This year’s Oscars may not have generated quite the buzz and attention that the ceremony has in year’s past, but between the delayed timing of the event and the changes due to COVID-19, that was to be expected. Even in a normal year, some categories get a lot more attention than others, and the winners of Best Picture and Best Actor/Actress are almost always going to grab the lion’s share of the headlines.
This year, however, the winner of the Best Live Action Short Film has been gaining a lot of attention — and some of it has been for an unfortunate reason. Two Distant Strangers won the Oscar and then faced accusations of plagiarism. What’s going on with this controversial movie?
‘Two Distant Strangers’ is a timely time loop movie
The plot of Two Distant Strangers, which clocks in at 29 minutes, is a heavy one. It features Carter — played by rapper Joey Bada$$ — as a comic book designer who wakes up in the bed of a woman after a one-night stand. After joking around with his date and setting a light and fun tone, Carter announces that he has to leave in a hurry to get back to his dog, an adorable pup who Carter takes time to call and shower with treats remotely.
Unfortunately, things don’t go as planned for Carter. As soon as he steps out of the apartment building, he bumps into a man who spills his coffee on his shift. A brief verbal altercation follows but quickly resolves, but not before a nearby police officer intervenes.
Soon, Carter, who has done nothing wrong, is pinned to the ground, gasping “I can’t breathe” as the screen goes dark. Then he wakes back up in bed next to the woman from the first scene.
Convinced he’s having a bad dream, he tries to leave again, but soon he realizes it’s no dream. He’s in a time loop, and no matter what he does, the police officer kills him in the end.
‘Two Distant Strangers’ earned accolades for his powerful message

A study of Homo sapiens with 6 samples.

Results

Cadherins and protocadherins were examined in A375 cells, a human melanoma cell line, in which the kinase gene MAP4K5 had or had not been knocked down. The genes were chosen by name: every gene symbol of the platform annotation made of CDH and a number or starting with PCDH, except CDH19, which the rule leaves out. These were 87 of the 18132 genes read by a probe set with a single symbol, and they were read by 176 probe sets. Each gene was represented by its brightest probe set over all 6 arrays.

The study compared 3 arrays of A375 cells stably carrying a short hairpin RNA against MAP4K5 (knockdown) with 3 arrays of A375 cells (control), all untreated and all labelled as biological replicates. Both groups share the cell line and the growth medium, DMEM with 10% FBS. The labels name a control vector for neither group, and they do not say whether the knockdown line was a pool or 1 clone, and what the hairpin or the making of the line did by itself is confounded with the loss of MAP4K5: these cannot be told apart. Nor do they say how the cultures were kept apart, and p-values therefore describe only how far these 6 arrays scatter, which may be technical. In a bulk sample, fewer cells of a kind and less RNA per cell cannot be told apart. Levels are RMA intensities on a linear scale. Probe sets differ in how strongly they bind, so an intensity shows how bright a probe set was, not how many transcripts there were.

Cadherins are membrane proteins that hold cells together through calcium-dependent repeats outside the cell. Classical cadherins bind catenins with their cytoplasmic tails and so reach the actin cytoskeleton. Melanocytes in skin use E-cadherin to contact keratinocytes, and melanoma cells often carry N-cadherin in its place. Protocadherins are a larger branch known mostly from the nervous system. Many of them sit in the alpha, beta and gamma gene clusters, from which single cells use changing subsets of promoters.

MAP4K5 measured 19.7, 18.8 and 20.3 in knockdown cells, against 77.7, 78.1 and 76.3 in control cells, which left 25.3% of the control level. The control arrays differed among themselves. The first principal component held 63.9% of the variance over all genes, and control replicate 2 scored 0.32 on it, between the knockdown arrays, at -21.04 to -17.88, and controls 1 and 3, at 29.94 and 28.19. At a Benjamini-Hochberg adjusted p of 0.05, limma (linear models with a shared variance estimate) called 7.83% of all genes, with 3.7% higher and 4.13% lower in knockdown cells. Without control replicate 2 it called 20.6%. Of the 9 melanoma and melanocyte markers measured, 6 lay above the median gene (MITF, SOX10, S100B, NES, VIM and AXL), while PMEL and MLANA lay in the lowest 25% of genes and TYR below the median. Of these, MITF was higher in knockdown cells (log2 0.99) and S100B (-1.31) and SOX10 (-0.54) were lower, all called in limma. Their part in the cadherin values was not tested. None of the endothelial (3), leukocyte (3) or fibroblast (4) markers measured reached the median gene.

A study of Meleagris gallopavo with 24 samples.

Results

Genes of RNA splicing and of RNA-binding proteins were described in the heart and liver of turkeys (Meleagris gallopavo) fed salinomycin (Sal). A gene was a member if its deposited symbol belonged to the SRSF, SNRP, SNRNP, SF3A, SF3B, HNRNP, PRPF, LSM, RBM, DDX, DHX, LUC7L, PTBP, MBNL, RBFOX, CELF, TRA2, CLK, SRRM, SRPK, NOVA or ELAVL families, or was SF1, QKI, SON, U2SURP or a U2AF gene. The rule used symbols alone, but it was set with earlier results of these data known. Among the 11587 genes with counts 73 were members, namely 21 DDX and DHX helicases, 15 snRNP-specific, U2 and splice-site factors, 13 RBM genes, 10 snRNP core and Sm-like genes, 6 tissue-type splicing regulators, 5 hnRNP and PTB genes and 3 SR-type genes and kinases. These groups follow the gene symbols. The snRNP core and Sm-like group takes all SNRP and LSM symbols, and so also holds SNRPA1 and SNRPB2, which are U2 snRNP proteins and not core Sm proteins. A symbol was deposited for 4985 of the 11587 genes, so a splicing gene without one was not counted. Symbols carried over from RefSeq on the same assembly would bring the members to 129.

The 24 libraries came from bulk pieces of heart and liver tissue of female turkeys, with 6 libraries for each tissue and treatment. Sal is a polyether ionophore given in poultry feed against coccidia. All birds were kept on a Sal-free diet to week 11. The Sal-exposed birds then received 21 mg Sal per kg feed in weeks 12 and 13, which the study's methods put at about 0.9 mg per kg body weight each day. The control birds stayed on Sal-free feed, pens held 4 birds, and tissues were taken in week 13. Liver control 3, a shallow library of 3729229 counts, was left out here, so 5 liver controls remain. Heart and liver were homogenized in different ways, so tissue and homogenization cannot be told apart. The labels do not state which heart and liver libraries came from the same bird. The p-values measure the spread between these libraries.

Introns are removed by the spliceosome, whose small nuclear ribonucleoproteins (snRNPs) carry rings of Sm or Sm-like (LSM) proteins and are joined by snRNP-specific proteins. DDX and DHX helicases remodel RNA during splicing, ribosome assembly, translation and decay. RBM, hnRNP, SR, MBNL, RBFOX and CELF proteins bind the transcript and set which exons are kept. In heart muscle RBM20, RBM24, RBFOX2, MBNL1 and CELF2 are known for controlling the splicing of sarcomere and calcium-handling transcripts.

In a year when the Black Lives Matter movement has been increasingly visible — especially as George Floyd’s death and his murderer’s subsequent conviction played out — Two Distant Strangers was bound to draw attention. Plenty of entertainers have gotten involved in the activism, and calls for police reform and accountability have echoed through songs, live performances, TV shows, and film.
Few are as direct in their messaging as Two Distant Strangers, however. In one of the later scenes of the film, an aerial shot shows the roof of a building painted with the names of many African Americans slain by police officers.
As the credits roll, the screen scrolls with name after name of those who have lost their lives to police brutality. The message is direct, brutal, and condemning while still managing to provide a shred of hope that we’ll eventually make the necessary changes.
Is ‘Two Distant Strangers’ plagiarized?
All of those accolades — and the Oscar — have become shrouded in controversy as the film’s creators face accusations of plagiarism. Filmmaker Cynthia Kao is calling out the creators for ripping off her 4-minute short film called Groundhog Day for a Black Man.
Her version came out in 2016. Obviously, the films share a general plot, but it’s not as if the idea is completely original. Kao’s own film references Groundhog Day — the Bill Murray film where a weatherman relives the same day again and again.
The accusation doesn’t stop there, however. As Daily Dot reports, Kao was approached by NowThis following George Floyd’s death. They wanted to use her film in a news spot and promised to maintain her credit for the creation. NowThis is cited as a contributor to Two Distant Strangers, but Kao is not credited.
Some are taking to social media to decry the theft and blaming Netflix for profiting from a story without crediting the true author. It’s worth noting, however, that Netflix didn’t create this film. They simply picked it up for distribution after it was nominated for the Oscar. The writer and director is Travon Free.
While the two films share a similar concept, Free’s work is much longer (more than five times the length) and more detailed. As a legal issue, it doesn’t seem that copyright infringement is at play. Creators can’t copyright a concept, and Two Distant Strangers clearly does not copy the writing or dialogue in Groundhog Day for a Black Man.
It seems unlikely that the accusations have any legal standing, but the court of public opinion will have to decide if there has been a creative ethics violation that will tarnish the film’s reputation.